Edinburgh's Christmas: Extra work ordered after council inspection

By Angie Brown
BBC Scotland, Edinburgh and East reporter

image copyrightUnderbelly
image captionThe most popular attraction at Edinburgh's Christmas is the Christmas market

Public safety officers have ordered extra work on Edinburgh's Christmas market following an inspection.

Operator Underbelly has been told to carry out minor snagging work on the market in Princes Street Gardens.

The market, which is due to open at 13:00 on Saturday, will be inspected again before a licence can be granted.

It has now been granted a building warrant which demonstrates that the structure has been completed as per the plans submitted by Underbelly.

Following a council inspection, officers pointed out snagging work that needed to be fixed.

An Edinburgh City Council spokesman said: "Underbelly has been asked to carry out minor snagging works.

"There will be a further inspection on Saturday morning prior to a licence being issued."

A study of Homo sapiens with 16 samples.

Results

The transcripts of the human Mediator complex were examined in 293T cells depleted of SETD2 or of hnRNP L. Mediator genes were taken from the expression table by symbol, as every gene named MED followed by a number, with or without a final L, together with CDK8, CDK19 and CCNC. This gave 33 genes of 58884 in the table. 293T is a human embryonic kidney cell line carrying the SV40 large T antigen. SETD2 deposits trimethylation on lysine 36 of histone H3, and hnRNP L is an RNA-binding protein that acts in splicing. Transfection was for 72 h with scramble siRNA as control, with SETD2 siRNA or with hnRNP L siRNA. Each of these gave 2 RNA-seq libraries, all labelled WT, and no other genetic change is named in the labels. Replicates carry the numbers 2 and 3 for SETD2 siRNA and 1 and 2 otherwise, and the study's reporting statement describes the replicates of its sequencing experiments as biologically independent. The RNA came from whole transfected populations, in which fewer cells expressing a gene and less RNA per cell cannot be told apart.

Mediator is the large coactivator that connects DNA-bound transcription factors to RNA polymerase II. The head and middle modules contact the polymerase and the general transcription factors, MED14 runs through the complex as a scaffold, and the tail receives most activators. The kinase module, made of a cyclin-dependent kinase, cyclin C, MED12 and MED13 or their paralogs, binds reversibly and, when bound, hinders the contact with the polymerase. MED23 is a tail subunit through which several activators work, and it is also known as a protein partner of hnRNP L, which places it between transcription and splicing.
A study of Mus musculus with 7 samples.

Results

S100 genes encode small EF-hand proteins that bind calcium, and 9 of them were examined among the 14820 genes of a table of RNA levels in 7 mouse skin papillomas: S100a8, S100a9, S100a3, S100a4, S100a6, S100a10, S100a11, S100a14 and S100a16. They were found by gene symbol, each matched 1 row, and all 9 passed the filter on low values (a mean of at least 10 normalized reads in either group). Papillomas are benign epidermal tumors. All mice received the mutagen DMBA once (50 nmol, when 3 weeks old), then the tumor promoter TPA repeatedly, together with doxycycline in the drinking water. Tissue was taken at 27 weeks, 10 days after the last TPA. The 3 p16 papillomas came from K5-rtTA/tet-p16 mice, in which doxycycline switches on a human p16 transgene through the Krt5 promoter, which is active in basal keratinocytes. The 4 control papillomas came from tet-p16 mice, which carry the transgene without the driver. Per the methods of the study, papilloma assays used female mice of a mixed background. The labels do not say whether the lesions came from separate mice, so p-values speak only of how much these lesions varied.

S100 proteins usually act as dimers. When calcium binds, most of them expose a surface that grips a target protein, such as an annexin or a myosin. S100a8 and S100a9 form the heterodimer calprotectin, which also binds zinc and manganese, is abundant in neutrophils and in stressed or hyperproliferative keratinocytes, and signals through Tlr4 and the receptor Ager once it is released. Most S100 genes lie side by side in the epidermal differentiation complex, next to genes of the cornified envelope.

An Underbelly spokeswoman said: "The finishing touches are now being put in place at the market and we are looking forward to opening it to the public this weekend."

image captionA huge lattice of scaffolding has been built to house the Christmas market in Princes Street Gardens

Adam McVey, City of Edinburgh Council leader, said: "Residents want assurances that the gardens are protected and the safety and comfort of all those attending the markets is secured.

"A building warrant has been granted and our public safety officers are carrying out final inspections and checks.

"Please be in no doubt, the site will not open until the council is 100% satisfied that is it safe."

It has been revealed that the market will not have planning permission until after it has closed in January.

The controversial market also did not have planning permission to operate last year.

Internal investigation

Underbelly's approved planning application expired on 10 January 2018 - no application was made to renew the consent in time for last year's event.

Organisers earlier said they were "acutely aware" of this year's controversy.

The council has also launched an internal investigation into whether the correct processes were followed in handing over a two-year contract extension to the operator.

Edinburgh City Council's culture and communities committee considered a motion by Green councillor Alex Staniforth, calling for councillors to "urgently collaborate" with Underbelly.

It called on the parties "to look at options" for relocating this year's event to a hard-standing location in central Edinburgh.

However, councillors instead agreed a Conservative amendment, which would require officials to draw up options for next year's event - including moving the market.